According to the Swedish furniture giant, immigration should be addressed not only by the governments but by the private sector and civil society as well. Meanwhile, Sweden, which has taken hundreds of thousands of immigrants in recent years, has been struggling to employ all of them.

Ikea has pledged to spend over SEK 1 billion (110 billion dollars) to help migrants enter the labour market, the  Dagens Industri newspaper reported.

The aim of the initiative presented at the UNHCR's first Global Refugee Forum in Geneva is for as many refugees as possible to start working and providing for themselves.

According to Ikea, immigration is not just a task for the governments, but also for the private sector and civil society.

"This is not just a matter for governments. The private sector and civil society also need to help refugees integrate, get to work and be able to contribute positively to the communities where they live", Per Heggenes, Ikea Foundation CEO and former spokesperson of the late Ikea founder Ingvar Kamprad told Dagens Industri.

According to Heggenes, this money will be spent over the next five years to fund various programs and make refugees self-sufficient.

"We want to help change the story of refugees. It often tends to focus on problems, while we know that they are hard-working people and we want to help them become part of society", CEO of Ikea Foundation Per Heggenes told Dagens Industri.

While the Ikea Foundation does not run its own projects, it has addressed refugee issues by funding various endeavours during the ten years that the foundation has existed. In addition to its recent billion-kronor pledge, the Ikea Foundation also collaborates on the refugee issue with Inter Ikea, which owns the Ikea brand and develops its portfolio with Ikea's twelve franchisees, and the Ingka Group, which runs the majority of the world's Ikea department stores, and a collaboration Per Heggenes describes as "unique in the Ikeasphere".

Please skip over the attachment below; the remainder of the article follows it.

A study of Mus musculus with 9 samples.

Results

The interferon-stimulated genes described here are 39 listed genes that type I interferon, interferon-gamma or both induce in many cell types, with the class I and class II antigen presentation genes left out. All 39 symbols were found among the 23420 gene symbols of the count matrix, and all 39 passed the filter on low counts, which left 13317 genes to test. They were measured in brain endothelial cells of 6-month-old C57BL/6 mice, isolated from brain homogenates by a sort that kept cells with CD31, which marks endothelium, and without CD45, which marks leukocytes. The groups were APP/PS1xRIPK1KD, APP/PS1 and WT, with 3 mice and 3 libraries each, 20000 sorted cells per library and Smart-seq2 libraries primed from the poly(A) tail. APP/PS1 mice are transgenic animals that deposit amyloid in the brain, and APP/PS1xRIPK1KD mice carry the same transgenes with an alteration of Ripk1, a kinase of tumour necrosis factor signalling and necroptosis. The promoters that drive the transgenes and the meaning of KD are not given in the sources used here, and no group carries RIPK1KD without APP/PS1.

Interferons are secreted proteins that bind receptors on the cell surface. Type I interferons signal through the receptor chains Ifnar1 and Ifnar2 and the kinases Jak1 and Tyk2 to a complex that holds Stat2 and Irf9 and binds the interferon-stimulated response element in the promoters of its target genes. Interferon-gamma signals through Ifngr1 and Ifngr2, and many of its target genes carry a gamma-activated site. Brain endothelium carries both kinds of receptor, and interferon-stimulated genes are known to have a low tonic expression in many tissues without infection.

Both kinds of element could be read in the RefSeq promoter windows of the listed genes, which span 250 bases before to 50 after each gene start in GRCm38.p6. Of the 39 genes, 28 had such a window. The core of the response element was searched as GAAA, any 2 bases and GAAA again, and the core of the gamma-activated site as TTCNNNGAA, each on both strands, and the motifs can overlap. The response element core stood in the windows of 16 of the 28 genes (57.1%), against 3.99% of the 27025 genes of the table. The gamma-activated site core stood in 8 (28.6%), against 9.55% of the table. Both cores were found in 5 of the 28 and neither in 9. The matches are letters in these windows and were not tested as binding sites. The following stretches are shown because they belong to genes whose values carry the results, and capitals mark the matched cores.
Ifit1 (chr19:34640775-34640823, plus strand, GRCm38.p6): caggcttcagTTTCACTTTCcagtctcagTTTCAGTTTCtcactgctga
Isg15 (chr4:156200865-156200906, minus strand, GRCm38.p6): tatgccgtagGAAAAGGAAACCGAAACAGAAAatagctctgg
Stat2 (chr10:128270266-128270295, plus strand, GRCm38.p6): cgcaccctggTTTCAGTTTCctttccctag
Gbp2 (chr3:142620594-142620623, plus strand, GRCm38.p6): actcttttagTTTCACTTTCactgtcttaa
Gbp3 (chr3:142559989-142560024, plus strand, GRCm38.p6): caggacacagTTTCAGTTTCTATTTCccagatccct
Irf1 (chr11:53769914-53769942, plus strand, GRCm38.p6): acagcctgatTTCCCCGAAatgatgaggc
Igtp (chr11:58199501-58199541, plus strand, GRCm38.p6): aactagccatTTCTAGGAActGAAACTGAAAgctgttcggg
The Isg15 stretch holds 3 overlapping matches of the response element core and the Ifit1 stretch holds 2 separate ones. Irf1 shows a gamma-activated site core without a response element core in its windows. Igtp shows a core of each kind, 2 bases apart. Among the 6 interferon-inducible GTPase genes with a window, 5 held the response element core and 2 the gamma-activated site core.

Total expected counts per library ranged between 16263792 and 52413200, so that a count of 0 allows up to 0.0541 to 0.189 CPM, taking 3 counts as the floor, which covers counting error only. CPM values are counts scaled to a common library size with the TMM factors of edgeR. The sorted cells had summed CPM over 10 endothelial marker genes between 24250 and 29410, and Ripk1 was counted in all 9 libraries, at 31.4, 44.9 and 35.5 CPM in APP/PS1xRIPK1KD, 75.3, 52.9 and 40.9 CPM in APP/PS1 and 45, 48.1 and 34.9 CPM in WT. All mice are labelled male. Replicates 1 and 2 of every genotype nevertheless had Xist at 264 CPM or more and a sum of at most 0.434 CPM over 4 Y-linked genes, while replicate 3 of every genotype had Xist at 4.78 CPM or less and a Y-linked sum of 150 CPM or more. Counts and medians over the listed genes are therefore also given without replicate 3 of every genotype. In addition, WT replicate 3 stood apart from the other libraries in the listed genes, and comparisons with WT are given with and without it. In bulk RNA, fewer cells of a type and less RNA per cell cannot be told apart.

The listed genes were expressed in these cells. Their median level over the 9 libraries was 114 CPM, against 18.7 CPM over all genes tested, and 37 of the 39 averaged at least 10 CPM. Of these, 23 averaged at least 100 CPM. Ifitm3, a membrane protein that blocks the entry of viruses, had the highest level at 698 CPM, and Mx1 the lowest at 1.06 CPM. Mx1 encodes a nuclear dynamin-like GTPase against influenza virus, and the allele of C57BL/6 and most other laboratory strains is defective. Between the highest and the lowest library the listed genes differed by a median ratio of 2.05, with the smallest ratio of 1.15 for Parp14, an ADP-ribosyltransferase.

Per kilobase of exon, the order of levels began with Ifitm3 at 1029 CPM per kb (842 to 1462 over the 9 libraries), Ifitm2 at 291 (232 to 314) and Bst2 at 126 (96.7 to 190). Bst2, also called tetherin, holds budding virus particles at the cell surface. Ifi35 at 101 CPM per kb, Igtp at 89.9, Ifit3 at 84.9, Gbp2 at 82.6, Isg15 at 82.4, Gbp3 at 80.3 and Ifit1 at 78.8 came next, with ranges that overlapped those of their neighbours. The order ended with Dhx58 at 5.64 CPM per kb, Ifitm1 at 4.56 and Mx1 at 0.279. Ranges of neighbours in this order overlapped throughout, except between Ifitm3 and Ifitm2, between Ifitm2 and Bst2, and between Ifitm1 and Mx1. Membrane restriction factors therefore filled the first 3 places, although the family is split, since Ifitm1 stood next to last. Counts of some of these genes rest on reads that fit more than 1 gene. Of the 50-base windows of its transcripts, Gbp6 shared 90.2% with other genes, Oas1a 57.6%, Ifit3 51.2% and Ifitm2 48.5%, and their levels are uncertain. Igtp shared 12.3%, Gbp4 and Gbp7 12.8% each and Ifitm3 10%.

In concrete terms, it means Ikea department stores in some 30 countries will take on 2,500 refugees and give them job and language training, to increase their chances of employment with either Ikea or other companies.

"It started as local initiatives by dedicated staff during the refugee crisis to help refugees in different countries, and so far, about 500 people have received job and language training for an average of six months. Now we are expanding it to all our 30 countries and around 300 department stores to make more refugees employable", Tolga Öncu, head of department store operations within the Ingka Group, told Dagens Industri.

According to him, about a quarter of participants ultimately landed jobs at Ikea. In contrast, others significantly increased their job opportunities by learning the local business culture and developing a professional network.

Ikea is a European multinational group that made a name for itself by designing and selling ready-to-assemble furniture, kitchen appliances and home accessories. Founded in Sweden in 1943 by the late Ingvar Kamprad, Ikea has risen to become the world's largest furniture retailer, making Kamprad the world's eighth-richest person with an estimated net worth of close to $59 billion.

According to the Swedish experience, unemployment among those born abroad reaches as high as 33.7 per cent among those with only a grade-school education. The process of entering the labour market has become increasingly drawn-out, going from two-three years in the 1980s to six-nine years in the 1990s and even more today. A recent survey by Statistics Sweden indicated that only one in ten of the 163,000 immigrants Sweden received at the height of the migrant crisis is employed today.